Since the rise of peer-to-peer lending, banks have tried to scare people out of participating in these alternative programs. They want to convince people that the safest way to borrow money is through them, but is it really working?
Some say that the Great Recession of 2007 was caused by excessive de-regulation mixed with a lack of transparency about the country’s problems. This hurt the financial sector tremendously, which resulted in high interest rates and stricter credit requirements from commercial banks. Combine that with high late fees and ruthless collection efforts, it’s no wonder that people are turning to private industry to borrow funds.
Peer-to-peer lending companies have offered a more economical alternative to bank loans. Not only do they offer lower interest rates, but they also have more lenient credit requirements. Not to mention, they offer shorter terms, which means that people are able to pay them off more quickly.
Another advantage of peer-to-peer loans is that they are funded by individuals, which give them a different feel than a bank loan. People are more apt to pay the money back because they don’t want the lenders who finance them to lose the money they invested.
The truth is, people have lost their trust in traditional lending, which is why it is the fastest growing alternative in the United States. All of the reasons I have mentioned previously had a lot to do with this change, but the main reason is because bank loans lack a personal feel. Perhaps this is why peer-to-peer loans sound more compelling to consumers. And they don’t have to wait an extraordinary amount of time to get their money. Peer-to-peer loans are usually funded in just a few days, and the cash is deposited directly into their bank accounts. Fast service to one of the greatest loan alternatives.
Prosper and Lending Club are two of the major players in the peer-to-peer lending industry, as they have been around the longest. Their requirements are pretty similar, and their loans are similar as well. Lending Club is more suited for small business loans, as they give these small businesses more latitude over how much (or how little) they want to borrow.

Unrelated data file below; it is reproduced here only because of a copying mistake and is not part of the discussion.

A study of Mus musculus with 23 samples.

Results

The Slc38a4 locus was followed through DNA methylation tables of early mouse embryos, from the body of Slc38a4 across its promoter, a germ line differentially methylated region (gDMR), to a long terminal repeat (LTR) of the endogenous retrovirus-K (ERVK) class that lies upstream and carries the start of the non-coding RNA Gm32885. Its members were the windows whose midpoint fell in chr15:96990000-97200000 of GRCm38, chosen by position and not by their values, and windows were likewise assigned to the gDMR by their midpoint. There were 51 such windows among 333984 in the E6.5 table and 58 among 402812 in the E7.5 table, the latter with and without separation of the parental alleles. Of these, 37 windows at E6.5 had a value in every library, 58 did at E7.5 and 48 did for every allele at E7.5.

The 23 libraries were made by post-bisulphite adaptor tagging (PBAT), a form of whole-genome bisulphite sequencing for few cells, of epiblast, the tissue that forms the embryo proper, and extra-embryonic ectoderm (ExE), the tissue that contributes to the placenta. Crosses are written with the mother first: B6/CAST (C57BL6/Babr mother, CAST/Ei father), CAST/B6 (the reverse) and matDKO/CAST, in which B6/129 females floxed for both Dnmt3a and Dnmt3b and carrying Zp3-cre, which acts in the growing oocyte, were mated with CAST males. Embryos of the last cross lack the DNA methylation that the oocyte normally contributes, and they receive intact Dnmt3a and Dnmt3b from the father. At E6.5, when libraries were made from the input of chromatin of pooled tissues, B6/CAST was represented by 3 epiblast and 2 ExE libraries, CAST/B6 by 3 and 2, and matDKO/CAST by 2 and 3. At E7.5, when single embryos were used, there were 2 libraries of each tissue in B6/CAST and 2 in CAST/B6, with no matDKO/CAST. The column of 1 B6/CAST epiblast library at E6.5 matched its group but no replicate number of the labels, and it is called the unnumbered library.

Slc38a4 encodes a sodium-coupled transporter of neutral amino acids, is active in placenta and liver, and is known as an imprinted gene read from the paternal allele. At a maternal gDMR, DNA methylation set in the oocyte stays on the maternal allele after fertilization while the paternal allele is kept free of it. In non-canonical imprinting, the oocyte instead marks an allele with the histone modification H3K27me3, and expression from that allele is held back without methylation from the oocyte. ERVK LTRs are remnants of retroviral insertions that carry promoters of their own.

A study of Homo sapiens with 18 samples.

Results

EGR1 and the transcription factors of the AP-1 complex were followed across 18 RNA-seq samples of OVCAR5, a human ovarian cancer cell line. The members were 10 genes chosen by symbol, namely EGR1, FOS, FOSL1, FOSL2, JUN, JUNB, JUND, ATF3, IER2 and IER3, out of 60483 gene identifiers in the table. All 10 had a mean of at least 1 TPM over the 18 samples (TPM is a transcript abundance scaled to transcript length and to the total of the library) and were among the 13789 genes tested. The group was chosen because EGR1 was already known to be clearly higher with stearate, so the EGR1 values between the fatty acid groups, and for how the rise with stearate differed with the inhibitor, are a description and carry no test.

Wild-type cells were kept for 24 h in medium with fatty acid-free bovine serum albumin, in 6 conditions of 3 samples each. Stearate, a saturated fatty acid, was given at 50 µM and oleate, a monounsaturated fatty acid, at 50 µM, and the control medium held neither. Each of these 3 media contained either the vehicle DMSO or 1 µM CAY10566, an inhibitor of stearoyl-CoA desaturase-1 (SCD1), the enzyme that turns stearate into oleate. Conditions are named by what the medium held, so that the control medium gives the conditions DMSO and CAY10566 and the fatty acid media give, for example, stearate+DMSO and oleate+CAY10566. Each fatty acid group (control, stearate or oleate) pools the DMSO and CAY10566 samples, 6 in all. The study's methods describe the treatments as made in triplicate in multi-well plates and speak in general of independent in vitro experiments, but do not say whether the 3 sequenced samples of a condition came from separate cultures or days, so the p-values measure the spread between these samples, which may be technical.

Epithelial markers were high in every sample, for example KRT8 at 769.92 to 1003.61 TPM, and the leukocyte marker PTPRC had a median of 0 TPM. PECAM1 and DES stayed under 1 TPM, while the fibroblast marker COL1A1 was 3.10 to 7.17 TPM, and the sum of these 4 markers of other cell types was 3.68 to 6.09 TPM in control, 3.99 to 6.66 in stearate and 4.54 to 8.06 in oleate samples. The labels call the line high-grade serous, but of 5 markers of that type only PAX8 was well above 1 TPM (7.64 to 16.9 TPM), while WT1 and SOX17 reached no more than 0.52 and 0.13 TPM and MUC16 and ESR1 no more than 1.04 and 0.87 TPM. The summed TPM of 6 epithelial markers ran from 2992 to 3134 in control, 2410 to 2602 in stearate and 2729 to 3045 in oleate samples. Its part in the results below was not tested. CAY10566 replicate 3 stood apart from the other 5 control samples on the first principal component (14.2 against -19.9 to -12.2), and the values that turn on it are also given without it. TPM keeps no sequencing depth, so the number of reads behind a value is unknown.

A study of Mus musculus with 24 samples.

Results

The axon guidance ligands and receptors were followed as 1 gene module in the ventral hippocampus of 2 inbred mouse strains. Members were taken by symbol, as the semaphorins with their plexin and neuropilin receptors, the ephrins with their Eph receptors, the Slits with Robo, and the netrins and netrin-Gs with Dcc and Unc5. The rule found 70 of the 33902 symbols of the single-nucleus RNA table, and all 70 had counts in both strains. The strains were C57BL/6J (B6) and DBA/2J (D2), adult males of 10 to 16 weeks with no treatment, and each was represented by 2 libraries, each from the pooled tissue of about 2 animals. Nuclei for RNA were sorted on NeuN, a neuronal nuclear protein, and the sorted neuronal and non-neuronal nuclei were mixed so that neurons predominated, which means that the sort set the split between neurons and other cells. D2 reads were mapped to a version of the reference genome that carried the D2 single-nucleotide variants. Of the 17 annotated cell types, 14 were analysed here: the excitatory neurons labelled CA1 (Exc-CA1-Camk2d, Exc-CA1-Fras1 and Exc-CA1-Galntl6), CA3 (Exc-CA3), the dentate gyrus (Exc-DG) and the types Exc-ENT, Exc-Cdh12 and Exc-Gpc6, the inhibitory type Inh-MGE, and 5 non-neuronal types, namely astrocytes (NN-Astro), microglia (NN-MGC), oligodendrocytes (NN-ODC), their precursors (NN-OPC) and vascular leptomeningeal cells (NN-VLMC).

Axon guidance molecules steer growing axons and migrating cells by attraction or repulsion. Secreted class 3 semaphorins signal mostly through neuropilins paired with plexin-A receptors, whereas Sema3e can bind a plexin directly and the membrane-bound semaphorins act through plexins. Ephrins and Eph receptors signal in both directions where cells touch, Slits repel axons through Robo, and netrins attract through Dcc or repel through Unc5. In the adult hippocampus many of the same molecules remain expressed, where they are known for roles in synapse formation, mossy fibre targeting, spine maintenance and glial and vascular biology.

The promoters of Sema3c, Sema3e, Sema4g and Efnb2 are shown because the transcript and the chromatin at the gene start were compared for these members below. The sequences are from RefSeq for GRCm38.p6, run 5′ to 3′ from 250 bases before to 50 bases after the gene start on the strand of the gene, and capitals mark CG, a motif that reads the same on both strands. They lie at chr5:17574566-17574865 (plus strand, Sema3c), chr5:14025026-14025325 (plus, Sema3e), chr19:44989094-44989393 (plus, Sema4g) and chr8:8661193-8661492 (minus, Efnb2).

Because these loans have shorter terms, the monthly payments can be higher than what you might find in a bank loan. So, you want to make sure you only borrow as much as you need. Don’t fall into the temptation of taking extra money, as it could increase your chances of falling behind or going into default.
Like any other loan, your credit history plays a major role in whether or not you can qualify for a peer-to-peer loan. In fact, both Prosper and Lending Club have their own minimum credit scores. Prosper’s minimum is the lowest of the two, as they require a FICO score of at least 640. Lending Club has a slightly higher minimum than Prosper (a FICO score of at least 660), which will knock out some people. Still, it’s a far cry from what you will find at most commercial banks.
Just like any loan, your credit score will determine the interest rate. So, if you have shakier credit, you might want to weigh your options and think before you decide to pull the trigger on a peer-to-peer loan.
It’s clear that peer-to-peer lending is not for everyone, and it’s clear that not everyone is going to qualify. But for some, it might be an easier and more economical alternative to traditional bank loans. Lower interest rates, more lenient credit requirements, and quicker funding all make this a popular lending system.